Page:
In December, a report dropped alleging that Russia had engaged in a massive doping conspiracy during the 2014 Sochi Olympics. When it was rolled out, World Anti-Doping Agency investigator said, "For years, international sports competitions have unknowingly been hijacked by Russians. Coaches and athletes have been playing on an uneven field. Sports fans and spectators have been deceived."
McLaren went on to describe the program as "a cover-up that evolved over the years from uncontrolled chaos to an institutionalized and disciplined medal-winning strategy and conspiracy."
At the time and throughout the investigation, Russia denied all allegations, dismissing them outright. But now it seems they're ready to concede the point, according to a New York Times report.
Over several days of interviews here with The New York Times, the Russian officials said they no longer disputed a damning set of facts that detailed a doping program with few, if any, historical precedents.
“It was an institutional conspiracy,” Anna Antseliovich, the acting director general of Russia’s national antidoping agency, said of years’ worth of cheating schemes.
A lab director tampered with urine samples at the Olympics and provided cocktails of performance-enhancing drugs, corrupting some of the world’s most prestigious competitions. Members of the Federal Security Service, a successor to the K.G.B., broke into sample bottles holding urine. And a deputy sports minister for years ordered cover-ups of top athletes’ use of banned substances.
It turns out the same intelligence service who likely is responsible for the hacks that impacted our 2016 election had a hand in this conspiracy, too.
But even as he and other officials signaled their acceptance of the fundamental findings of Mr. McLaren’s investigation, they were largely unconciliatory, suggesting that cheating to benefit Russia had served to offset what they perceived as preferential treatment for Western nations by global sports authorities.
“Have you seen the Fancy Bear records?” Mr. Smirnov said, invoking medical records hacked by a cyberespionage group believed to be associated with G.R.U., the Russian military intelligence agency suspected of hacking computers at the Democratic National Committee. The medical records revealed that hundreds of Western athletes had been given special medical permission to take banned drugs for legitimate therapeutic reasons.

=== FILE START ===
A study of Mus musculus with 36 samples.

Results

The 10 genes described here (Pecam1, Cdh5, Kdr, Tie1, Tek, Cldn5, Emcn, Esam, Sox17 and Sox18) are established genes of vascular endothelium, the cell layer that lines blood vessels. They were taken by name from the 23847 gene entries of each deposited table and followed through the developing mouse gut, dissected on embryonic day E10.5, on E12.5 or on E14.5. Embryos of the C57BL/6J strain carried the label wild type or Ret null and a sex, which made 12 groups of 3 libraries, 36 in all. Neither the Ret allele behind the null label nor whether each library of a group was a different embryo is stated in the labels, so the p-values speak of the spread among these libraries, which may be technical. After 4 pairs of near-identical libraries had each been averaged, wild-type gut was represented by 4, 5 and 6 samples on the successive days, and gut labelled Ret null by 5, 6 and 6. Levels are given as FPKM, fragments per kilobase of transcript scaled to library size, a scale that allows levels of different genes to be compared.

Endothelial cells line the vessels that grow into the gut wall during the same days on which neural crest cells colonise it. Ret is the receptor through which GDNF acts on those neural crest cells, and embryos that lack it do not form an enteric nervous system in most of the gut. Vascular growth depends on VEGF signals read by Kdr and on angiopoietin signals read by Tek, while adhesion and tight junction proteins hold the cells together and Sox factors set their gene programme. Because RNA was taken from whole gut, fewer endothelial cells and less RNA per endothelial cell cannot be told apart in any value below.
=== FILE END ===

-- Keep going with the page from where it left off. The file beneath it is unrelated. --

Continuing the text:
“Russia never had the opportunities that were given to other countries,” Mr. Smirnov said.
“The general feeling in Russia is that we didn’t have a chance,” he added, acknowledging that anabolic steroids like those taken by Russian athletes have never been deemed medically excusable by regulators.
While they're no longer disputing the findings, they will not agree that the conspiracy was state-sponsored, leaving Russian President Vladimir Putin off the hook, despite the fact that it's difficult to believe a former KGB agent now leading that country could possibly have been left out of the loop on what appears to be a deep, long-standing, and vast conspiracy. Protect the leader at all costs, I guess.
How long will it take before they also deny Putin's involvement in the hack of our 2016 election while acknowledging their role in it? And why is everyone so blasé about Russia's interference? I continue to believe we should be lighting our hair on fire, be out in the streets over it, and threatening impeachment of any elected official standing in the way of a Select Committee to investigate it publicly.
But for now, we at least have this concession. It's not hard to see the patterns emerge.